BY: REGAN MCNEILL
Both you and I have grown up in a world of stereotypes. Whether you like it or not these widely accepted assumptions shape us and how we are viewed in the world, especially when it comes to gender.
I was raised with books that showed me pictures of nurturing, maternal women and rugged, money-earning men. TV shows conveyed to me the idea that I was more sensitive simply because I was a woman. They told my guy friends that it was not cool to cry because they had a penis. A penis means you’re masculine right?
I remember sitting in a university lecture on a cold wintery day when it started to make sense to me. All this bullshit I have been fed over the years is a result of one thing: science.
Both you and I have grown up in a world of stereotypes. I was raised with books that showed me pictures of nurturing, maternal women and rugged, money-earning men.
Before the 18th century, medical professionals believed in something called the one-sex model (or theory). This idea was invented by an ancient Roman anatomist and physician named Galen who believed that there was only one model for males and females. All ladies had a penis, it was just turned inside of them. Lo and behold, this was the basis for human anatomy up until the 18th century.
Yes, the idea is flawed because it assumes that females are the anatomically imperfect versions of men but isn’t it kind of cool that it blurs the lines between gender as we know it today?
My professor carried on about how men used to hold hands and kiss because they did not think it was queer and instead just fun and affectionate. It was like it all ended in 1700 when the two-sex model emerged and created the foundation for gender as we know it today.
You probably know this, but gender is a construct. We live in a day and age where it is generally acceptable to not fit into this male-female gender binary yet we have been studying humans in such a way that we prescribe certain characteristics like emotions and intelligence as gender-specific.
You probably know this, but gender is a construct.
Last month a study on the human brain showed that we were wrong: turns out brain structure is not gender-specific. The study focused on the hippocampus. Everyone has two of them, one in the left hemisphere of the brain and the other in the right. The hippocampus is the region in the brain associated with short and long term memory, emotion and spatial navigation.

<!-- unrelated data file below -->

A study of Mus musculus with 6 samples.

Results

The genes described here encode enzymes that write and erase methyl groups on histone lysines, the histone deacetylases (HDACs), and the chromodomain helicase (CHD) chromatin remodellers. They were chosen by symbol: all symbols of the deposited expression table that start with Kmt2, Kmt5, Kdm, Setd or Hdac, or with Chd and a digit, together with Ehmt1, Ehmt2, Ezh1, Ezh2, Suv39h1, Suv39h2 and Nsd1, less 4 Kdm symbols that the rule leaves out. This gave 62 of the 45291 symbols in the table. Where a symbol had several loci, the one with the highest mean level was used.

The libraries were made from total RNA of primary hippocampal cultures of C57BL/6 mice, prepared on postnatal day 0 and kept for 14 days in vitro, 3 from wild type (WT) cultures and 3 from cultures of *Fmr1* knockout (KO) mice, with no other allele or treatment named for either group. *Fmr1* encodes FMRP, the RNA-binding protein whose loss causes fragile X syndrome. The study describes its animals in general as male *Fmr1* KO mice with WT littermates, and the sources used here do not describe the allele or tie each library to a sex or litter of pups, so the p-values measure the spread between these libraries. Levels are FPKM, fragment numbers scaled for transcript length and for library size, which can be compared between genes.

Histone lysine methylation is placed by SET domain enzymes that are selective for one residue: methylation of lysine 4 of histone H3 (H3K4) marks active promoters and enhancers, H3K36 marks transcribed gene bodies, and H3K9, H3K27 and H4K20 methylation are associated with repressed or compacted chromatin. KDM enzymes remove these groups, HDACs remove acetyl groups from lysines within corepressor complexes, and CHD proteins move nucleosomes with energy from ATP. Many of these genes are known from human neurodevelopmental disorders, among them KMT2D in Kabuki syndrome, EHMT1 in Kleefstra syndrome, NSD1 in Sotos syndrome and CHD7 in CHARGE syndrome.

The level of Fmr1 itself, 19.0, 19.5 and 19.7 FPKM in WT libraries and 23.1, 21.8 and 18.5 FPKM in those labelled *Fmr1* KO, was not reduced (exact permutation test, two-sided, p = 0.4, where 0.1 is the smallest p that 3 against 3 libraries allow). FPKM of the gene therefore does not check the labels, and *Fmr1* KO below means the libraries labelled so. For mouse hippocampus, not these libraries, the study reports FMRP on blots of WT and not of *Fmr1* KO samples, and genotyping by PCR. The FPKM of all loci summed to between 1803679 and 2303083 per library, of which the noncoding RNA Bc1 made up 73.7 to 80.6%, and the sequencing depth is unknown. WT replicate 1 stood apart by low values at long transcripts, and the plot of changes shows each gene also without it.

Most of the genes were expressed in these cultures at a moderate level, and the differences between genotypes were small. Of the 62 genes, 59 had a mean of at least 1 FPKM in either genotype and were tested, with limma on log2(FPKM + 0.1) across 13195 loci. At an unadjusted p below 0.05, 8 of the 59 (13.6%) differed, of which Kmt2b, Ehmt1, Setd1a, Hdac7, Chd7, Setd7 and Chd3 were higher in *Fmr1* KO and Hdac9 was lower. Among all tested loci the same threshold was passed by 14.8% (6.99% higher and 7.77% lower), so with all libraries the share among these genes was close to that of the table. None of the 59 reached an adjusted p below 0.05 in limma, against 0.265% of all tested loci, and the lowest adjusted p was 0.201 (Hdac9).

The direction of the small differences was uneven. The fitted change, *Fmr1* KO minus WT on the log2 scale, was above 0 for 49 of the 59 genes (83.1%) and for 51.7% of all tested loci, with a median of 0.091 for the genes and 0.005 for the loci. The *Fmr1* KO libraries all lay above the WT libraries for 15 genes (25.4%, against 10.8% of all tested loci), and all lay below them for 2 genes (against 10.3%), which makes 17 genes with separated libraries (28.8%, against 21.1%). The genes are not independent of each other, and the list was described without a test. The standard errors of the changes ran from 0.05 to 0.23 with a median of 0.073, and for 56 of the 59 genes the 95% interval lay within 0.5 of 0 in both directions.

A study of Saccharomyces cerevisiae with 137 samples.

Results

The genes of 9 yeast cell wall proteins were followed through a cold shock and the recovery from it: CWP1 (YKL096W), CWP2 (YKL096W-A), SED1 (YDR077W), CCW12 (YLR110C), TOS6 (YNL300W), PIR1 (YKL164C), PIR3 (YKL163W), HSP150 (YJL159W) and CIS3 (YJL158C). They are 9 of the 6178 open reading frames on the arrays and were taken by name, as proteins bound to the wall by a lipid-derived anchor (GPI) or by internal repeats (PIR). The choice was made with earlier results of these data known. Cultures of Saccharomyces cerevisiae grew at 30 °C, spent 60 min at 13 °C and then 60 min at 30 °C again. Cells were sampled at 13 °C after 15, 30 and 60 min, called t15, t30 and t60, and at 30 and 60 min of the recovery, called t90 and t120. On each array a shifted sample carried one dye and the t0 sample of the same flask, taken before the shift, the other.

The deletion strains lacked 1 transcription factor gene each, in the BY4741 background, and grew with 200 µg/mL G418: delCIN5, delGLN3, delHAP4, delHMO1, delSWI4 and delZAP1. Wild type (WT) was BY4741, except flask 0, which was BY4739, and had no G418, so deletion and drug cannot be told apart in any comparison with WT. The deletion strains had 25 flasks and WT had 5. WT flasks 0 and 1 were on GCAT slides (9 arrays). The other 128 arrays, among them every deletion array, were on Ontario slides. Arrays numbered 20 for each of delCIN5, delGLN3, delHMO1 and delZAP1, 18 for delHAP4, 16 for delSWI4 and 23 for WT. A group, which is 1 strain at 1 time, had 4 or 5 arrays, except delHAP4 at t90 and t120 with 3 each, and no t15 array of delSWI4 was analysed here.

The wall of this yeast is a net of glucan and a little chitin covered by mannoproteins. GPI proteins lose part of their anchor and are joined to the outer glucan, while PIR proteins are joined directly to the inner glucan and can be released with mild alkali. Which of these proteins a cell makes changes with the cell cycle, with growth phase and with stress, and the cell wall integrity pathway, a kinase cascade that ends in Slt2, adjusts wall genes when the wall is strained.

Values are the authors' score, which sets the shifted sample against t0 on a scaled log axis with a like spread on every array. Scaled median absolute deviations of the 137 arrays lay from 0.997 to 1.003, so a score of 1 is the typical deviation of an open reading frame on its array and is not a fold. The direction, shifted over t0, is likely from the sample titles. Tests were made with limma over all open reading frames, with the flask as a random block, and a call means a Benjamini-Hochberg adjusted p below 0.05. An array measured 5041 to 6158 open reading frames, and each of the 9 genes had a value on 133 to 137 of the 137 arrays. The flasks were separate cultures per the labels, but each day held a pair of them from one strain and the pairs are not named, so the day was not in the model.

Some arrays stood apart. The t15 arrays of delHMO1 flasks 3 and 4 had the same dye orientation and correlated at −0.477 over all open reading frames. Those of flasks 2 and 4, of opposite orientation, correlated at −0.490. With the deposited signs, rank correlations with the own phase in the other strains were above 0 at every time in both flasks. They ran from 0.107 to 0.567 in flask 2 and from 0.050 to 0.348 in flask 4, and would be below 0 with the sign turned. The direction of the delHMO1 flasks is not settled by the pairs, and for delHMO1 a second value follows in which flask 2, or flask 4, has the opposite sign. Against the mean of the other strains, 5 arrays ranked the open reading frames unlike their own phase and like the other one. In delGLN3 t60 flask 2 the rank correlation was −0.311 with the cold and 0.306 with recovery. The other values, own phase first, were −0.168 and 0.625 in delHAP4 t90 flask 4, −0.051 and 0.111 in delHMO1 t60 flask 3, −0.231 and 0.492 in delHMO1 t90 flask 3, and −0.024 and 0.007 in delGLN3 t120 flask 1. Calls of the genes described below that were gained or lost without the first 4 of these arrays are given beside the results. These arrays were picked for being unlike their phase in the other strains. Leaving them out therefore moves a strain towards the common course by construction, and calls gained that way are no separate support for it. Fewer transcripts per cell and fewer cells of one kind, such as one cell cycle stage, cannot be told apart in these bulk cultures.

The group got together healthy individuals of all ages and conducted MRI studies on each of them only to find that there were no differences between male or female hippocampal size.
According to Dr. Lise Eliot, an associate professor of neuroscience at Rosalind Franklin University of Medicine and Science, until recently the general consensus was that females had a higher hippocampal volume than men. This supports the assumption that females show “greater emotional expressiveness, stronger interpersonal skills and better verbal memory.” Basically the idea that women think too much, cry more and remember everything a man does has been a phenomenon indirectly supported by science. That is until Eliot and a team of researchers conducted a study that would fundamentally challenge this “general consensus” and effectively, prove it wrong.
The group got together healthy individuals of all ages and conducted MRI studies on each of them only to find that there were no differences between male or female hippocampal size. Eliot went on to explain that other findings on the corpus callosum (the thing that allows the two sides of the cerebrum to communicate) show that there is no size difference in men or women and therefore their cerebrums do not differ in the ways that they process language.
Another recent study looked at the correlation between physical fitness levels and hippocampal size in 9- and 10-year-old boys and girls. Ultimately the children who were more physically fit had a larger hippocampus size and did better on memory tests than their less fit counterparts, despite gender.
These studies are important, they question how we look at gender scientifically and socially. It is not often that science, something that is meant to separate truth from fallacy, actually supports the fact that we’re all blank-slate, barebones human beings. Again, regardless of gender.
Like Eliot said herself, “sex differences in the brain are irresistible to those looking to explain stereotypic differences between men and women.” Now that this disconnect has occurred, will science support the breakdown of the rigid gender binaries and stereotypes that we are all so aware of?
As scientific research turns the page to a slightly less gender specific chapter, it occurred to me that it has been contradicting itself this whole time. Rather than looking through one set of human eyes, we tend to look at the world through the gender binaries we pose on ourselves with science to support us.
Even though Galen was ultimately wrong in his scientific assertions about sex, we were wrong in our assumptions about the “male” and “female” brain. You know what this means? We could have been wrong when we constructed gender too.